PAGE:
Excellent hardware requires an excellent software stack. Few parts of that stack more clearly illustrate this point than telemetry, which essentially refers to the collection of real-time, critical data on machine performance.

A weak telemetry system can spell catastrophe for hardware projects, so many companies rely on expensive, complicated solutions, like knitting together multiple open-source telemetry tools that are built and maintained by a few on-staff engineers.

Sift, a new startup founded by two ex-SpaceX engineers, wants to change that with an end-to-end telemetry stack that makes “sifting” through machine data simpler, cheaper and more effective.

The Los Angeles-based startup was founded by Austin Spiegel and Karthik Gollapudi in the middle of 2022. The two realized that much of what underlies SpaceX’s success in hardware development is its incredible internal software tools, including telemetry.

“What is a secret sauce of SpaceX that a lot of people don’t see because it’s not public, is all of that software,” Spiegel said in a recent interview.

The two founders should know. Spiegel worked at SpaceX for nearly five years (not counting an internship), where he worked on internal tools, including manufacturing systems, test automation systems and the telemetry system for Starlink; Gollapudi, who was at SpaceX for four years, led the flight software operations team for the Dragon spacecraft. (The very day that he signed the launch readiness review paper for a Dragon mission, he informed his manager that he was leaving to start Sift.)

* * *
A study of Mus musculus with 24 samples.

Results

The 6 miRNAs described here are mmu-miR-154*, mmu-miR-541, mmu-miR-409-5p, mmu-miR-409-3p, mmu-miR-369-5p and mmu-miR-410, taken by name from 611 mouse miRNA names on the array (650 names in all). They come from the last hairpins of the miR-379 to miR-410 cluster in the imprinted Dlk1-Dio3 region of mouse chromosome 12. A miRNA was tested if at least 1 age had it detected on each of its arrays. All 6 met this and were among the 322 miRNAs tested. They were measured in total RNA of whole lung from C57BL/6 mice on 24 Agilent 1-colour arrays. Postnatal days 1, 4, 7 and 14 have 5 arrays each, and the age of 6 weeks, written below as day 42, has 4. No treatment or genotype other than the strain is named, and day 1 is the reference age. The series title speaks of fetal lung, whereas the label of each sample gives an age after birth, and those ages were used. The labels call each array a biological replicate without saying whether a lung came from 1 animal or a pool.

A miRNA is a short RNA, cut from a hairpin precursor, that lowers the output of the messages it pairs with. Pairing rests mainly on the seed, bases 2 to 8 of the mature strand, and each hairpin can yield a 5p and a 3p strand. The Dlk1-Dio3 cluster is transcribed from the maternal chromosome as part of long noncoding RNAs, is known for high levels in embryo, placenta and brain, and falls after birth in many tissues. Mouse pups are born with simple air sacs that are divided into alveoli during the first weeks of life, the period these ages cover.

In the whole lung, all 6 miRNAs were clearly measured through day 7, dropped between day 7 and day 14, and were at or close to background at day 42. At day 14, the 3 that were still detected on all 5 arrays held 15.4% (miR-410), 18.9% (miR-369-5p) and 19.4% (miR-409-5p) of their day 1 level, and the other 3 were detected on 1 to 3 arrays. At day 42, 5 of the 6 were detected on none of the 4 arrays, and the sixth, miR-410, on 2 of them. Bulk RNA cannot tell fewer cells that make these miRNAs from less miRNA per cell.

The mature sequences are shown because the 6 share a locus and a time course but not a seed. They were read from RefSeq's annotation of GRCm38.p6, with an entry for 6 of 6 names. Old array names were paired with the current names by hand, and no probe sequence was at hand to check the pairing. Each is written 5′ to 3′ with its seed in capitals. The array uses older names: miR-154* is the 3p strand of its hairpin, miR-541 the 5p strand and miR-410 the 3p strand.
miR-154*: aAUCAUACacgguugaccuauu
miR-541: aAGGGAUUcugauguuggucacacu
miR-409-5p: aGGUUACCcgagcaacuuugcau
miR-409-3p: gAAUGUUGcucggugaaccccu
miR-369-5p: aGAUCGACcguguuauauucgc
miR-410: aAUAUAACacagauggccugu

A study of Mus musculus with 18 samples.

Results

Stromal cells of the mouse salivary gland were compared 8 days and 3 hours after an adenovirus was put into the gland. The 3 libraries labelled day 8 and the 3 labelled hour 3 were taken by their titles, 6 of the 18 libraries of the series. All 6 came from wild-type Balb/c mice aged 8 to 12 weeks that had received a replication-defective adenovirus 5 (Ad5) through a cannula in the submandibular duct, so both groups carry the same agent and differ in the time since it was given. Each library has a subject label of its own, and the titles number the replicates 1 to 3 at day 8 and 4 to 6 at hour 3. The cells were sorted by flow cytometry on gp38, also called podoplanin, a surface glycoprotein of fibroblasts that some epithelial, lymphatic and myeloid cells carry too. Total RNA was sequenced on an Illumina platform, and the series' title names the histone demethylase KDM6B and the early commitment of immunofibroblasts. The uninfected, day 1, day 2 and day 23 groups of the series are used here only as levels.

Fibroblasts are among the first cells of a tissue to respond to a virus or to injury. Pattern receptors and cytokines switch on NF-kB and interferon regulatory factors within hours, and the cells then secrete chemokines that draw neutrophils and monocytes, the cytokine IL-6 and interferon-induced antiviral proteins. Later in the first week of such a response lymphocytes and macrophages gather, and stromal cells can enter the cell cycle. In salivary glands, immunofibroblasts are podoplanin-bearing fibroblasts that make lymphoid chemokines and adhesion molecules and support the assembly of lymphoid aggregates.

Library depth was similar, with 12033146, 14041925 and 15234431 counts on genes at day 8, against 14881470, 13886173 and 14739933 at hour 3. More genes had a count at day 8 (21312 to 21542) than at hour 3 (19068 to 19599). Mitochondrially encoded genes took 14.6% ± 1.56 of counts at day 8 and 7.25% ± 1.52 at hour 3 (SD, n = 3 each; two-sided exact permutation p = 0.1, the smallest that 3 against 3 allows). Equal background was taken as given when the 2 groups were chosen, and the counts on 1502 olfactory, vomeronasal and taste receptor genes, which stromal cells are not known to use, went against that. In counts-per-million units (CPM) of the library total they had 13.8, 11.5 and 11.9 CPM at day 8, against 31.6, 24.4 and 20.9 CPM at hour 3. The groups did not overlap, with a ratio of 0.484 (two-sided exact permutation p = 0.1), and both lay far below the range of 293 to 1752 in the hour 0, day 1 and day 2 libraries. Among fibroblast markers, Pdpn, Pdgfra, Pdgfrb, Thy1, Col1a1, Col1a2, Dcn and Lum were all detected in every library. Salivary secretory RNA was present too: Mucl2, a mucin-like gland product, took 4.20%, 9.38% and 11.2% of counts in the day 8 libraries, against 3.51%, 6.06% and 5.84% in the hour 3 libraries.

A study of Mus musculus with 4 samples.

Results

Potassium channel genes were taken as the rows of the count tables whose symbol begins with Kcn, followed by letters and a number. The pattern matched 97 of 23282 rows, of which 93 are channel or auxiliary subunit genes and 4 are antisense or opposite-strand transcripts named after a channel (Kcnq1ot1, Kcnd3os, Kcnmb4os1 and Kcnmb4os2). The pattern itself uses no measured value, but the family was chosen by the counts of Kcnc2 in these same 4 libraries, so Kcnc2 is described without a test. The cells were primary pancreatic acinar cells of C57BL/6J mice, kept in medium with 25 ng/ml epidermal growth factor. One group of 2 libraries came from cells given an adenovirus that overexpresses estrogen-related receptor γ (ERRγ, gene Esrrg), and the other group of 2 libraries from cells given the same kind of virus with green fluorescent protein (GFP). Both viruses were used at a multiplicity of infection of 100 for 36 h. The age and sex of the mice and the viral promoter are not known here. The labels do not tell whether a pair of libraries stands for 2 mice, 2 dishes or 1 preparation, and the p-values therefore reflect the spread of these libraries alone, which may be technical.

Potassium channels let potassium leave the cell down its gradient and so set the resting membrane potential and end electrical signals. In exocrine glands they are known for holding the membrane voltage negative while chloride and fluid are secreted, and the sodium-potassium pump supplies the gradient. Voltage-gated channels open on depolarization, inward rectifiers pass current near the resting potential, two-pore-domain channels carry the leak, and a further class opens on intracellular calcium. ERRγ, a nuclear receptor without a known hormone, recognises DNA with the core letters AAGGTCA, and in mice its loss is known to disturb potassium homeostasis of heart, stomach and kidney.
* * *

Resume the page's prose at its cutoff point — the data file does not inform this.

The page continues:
The two started thinking about issues with telemetry as far back as 2019, when they witnessed the failure of Boeing’s Starliner OFT-1 demo mission. “When I saw that, I was assuming it was some sort of hardware failure,” Gollapudi said. “If you read the Boeing press release about why the OFT-1 mission failed, they said [something like], ‘Due to poor software testing and poor software development practices, we had these cascading series of software failures.’ It was crazy because it was all software, and that was a bit of a mind-blowing moment for me.”

“I realized that most people don’t build hardware the way SpaceX does,” he added.

Sift founders Austin Spiegel and Karthik Gollapudi Image credit: Sift

Sift’s solution has found resonance with investors, with Sift recently closing $7.5 million in funding to scale its product. The capital comes from leading hardware investor Riot Ventures, enterprise SaaS investor Fika Ventures, and participation from First Resonance, Datum and Duro. The team received their first check from Earthrise Ventures, a fund started by ex-SpaceXer Scott Norman.

Sift’s telemetry stack has three pillars: storage, real-time analytics and visualization. All offer key capabilities to accelerate hardware development, the two founders said. For example, engineers can time align sensor data around the same event – like comparing sensor data from rocket engine tests specifically around engine startup.

“That’s why we’re building all this very high-powered infrastructure so that you can run these types of longitudinal queries back in time that says, hey, what does this engine look like the last 100 times, or 1,000 times I fired it? How does it compare to right now?” Gollapudi said.

Sift’s stack also encodes all the logic and rules relating to machine behavior so when the machine is out in the field, the system only pulls in an operator when things are critically misfiring. This, Gollapudi said, is a paradigm shift: instead of collecting data and manually monitoring it, Sift integrates that institutional knowledge about machine behavior and encodes it from the beginning. Sift’s system also leverages object storage, a very cheap way to store data in the cloud, making the product more cost-effective for smaller customers.

The company, which currently stands at 10 engineers, is looking to double over the next twelve months. Sift’s system is already used by paying customers spanning industries, including autonomous electric train company Parallel Systems, another startup founded by a team of ex-SpaceXers.